Blaming is such a fruitless sport. I mean -- there's no victory there.
But one of the most gifted basketball players of the last decade is dead at 25. Charred beyond recognition by a fire that started burning, it seems, just about the moment he was born.
In a moment like this, you can't help but ask "Whose fault is this?" I'm sure we all have our ideas. I'm sure many of you know a lot more about addiction, and how it functions, than I do. And it's entirely possible that there have always been and always will be sad stories like this.
Maybe no one is to blame. Maybe there is no lesson here.
But as someone who would love to see Eddie Griffin be the last human to live such a short, misdirected life of self-inflicted tragedy, you can't help but wonder about how it might have been better.
Can you blame the people he trusted -- whoever they were? Most multimillionaire athletes have people who make money off them. You know the crew: agents, advisers, posses. These people have a financial disincentive to be the bearer of bad news. To stage an intervention. To nag, poke, cajole. To think long-term. To talk discipline and self respect. To get the guy out of bed first thing in the morning, and stick him in bed before too late at night. You just don't want to be the one to end the party, you know? What could get you kicked off the gravy train faster?
J.A. Adande's excellent ESPN column on the short life of Eddie Griffin quotes Houston Rockets vice president of basketball operations and athletic trainer Keith Jones, who sounds like someone who cared a lot about Eddie Griffin. He is not happy about the people Eddie Griffin trusted.
"I can't say it shocks me," Jones said. "It's still really sad and really tragic. And Eddie was a good guy. He had a good heart. He made some bad decisions on a lot of things. I think he had people that were guiding him, that he thought were guiding him, that didn't have his best interests in heart."
Can you blame everyone who ever helped Eddie Griffin get a free pass for the reckless and terrible things he did? The people on that list are many, and include almost every college and NBA team he played for. These stories came around with a certain regularity: He was tossed from his high school team. He slugged a teammate in the eye in college. There was an incident at his home in Houston where a woman was beaten and reportedly shot at. At a hotel in New Jersey, he scared guests by joining a wedding celebration uninvited, and then pounding on the door of the bride and groom's room late at night. There was another assault after that, something involving a late night at a gas station. On top of all that was the car accident in Minnesota that gained him true notoriety.
Although I'm certain plenty of team employees, at nearly every stage, tried hard to do the right thing -- Kevin McHale gets a lot of praise for that, among others -- in public Griffin never lacked for people willing to downplay his troubles to the media and ticket-purchasing public.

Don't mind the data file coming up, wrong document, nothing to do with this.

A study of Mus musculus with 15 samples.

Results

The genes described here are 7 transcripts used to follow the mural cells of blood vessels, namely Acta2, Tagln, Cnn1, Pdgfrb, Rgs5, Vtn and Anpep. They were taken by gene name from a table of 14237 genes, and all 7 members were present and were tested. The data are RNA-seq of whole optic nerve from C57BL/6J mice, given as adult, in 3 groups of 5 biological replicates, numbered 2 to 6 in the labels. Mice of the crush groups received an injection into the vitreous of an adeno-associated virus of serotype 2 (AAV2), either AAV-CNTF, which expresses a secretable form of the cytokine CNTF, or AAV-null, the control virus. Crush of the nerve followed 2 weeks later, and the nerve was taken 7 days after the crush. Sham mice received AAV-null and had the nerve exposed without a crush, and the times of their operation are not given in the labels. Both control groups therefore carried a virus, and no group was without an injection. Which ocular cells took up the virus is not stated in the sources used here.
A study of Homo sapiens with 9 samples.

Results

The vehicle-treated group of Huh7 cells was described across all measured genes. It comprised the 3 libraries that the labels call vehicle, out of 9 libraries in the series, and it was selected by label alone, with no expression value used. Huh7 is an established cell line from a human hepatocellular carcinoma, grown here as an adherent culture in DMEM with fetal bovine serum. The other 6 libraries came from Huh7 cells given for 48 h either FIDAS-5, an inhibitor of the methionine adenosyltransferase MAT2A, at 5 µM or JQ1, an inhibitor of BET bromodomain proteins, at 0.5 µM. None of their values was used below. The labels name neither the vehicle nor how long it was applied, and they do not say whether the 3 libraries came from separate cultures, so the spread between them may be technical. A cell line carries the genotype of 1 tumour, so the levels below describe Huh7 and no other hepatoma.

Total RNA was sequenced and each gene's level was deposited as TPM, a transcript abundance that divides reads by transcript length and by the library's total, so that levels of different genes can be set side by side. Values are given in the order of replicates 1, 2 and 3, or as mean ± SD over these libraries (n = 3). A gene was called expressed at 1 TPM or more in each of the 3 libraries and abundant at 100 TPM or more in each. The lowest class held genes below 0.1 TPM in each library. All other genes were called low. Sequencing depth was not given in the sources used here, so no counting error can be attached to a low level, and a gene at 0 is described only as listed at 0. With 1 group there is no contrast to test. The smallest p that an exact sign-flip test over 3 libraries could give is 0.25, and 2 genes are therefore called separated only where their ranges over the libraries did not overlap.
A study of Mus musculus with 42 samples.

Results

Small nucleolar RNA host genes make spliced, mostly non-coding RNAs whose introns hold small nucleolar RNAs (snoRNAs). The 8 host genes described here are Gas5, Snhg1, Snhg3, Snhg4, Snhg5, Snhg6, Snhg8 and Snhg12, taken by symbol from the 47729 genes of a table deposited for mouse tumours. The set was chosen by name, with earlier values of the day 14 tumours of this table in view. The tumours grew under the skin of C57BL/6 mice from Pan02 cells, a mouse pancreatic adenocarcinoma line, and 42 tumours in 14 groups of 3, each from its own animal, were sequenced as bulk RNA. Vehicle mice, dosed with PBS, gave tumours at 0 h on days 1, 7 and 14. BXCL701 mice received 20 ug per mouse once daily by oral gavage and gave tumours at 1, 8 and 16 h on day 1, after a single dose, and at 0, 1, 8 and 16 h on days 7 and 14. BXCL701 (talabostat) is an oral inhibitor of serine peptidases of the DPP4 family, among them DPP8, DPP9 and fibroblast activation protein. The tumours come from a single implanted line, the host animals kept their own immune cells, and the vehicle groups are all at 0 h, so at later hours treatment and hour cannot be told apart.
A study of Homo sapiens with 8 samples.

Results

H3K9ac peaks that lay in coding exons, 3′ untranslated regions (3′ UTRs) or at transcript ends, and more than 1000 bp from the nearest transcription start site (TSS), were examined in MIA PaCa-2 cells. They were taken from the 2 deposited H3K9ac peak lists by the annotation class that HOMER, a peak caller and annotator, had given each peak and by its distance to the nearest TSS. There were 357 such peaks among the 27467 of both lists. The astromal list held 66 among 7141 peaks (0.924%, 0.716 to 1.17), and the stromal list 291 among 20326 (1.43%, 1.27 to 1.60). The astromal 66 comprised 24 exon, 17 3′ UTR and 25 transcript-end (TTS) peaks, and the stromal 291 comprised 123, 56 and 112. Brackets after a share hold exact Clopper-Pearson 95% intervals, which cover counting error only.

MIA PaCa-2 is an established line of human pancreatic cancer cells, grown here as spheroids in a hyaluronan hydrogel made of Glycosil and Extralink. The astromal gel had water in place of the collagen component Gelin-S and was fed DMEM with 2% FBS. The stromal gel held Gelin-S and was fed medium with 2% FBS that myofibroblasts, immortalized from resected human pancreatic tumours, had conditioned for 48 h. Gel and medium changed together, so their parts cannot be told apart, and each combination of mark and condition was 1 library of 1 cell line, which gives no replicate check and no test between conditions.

Adrian Wojnarowski of Yahoo sports remembers an exception:
Three weeks until graduation at Roman Catholic in Philadelphia and the No. 1 high school player in America had flipped out in a lunch room fist fight. The principal, Rev. Paul Brant, expelled him, assigning Griffin a home tutor for his final assignments.
"What if we hadn't done it?" Father Brant told me then. "That was my biggest concern. If we hadn't let him know he had to take responsibility for his actions, later in life when he became a pro athlete, what would happen when he was faced with circumstances where he had to be accountable?"
Of course, that kind of approach doesn't always work, and didn't here. But sometimes it does. Ask Micheal Ray Richardson, who credits David Stern with saving his life by kicking him out of the NBA when his addictions could not be managed any other way.
Can you blame us, a little? Bloggers, journalists, and basketball fans? Griffin's blatant lack of good judgment -- powerful signals that he was on the wrong track -- were so preposterous as to be hilarious. To be honest, here in the blogosphere, Eddie Griffin was famous for one thing and one thing only: wrecking his car allegedly while masturbating and watching a pornographic DVD. Oh, how we laughed at that one. We sports bloggers and journalists are obsessed with the sport and the men who play it, but have a hard time putting into context the endless self-centered things some of those men do. This one took the cake.
There are so many more people who might be blamed. Might there have been a doctor, a counselor, a therapist, a judge, or a law enforcement officer who could have handled things better? What about his family and friends? Here's where the blame game gets insane -- the hypotheticals can drive you nuts.
And in the end, you know who's getting the lion's share of the blame in this case, anyway: Eddie Griffin. This is what the commenter Solytaire wrote on the website of Minnesota based Rake:
This may sound selfish but, I'm kinda pissed at this guy. I was rooting for him so hard. For some reason, I just wanted this guy to make it, despite his troubles. I dont usually pull for those who have off-court or off-field troubles. But I remember walking by him at a nightclub in Houston a couple of years ago. He was, as was I, alone, though among the people. But he understandably made no effort to mingle. [His death] is such a disappointment to me. Undoubtedly, he squandered all of his chances to change his behavior. But oh well, he lived his life the way he wanted, I suppose; not the way his fans wanted him to. RIP man.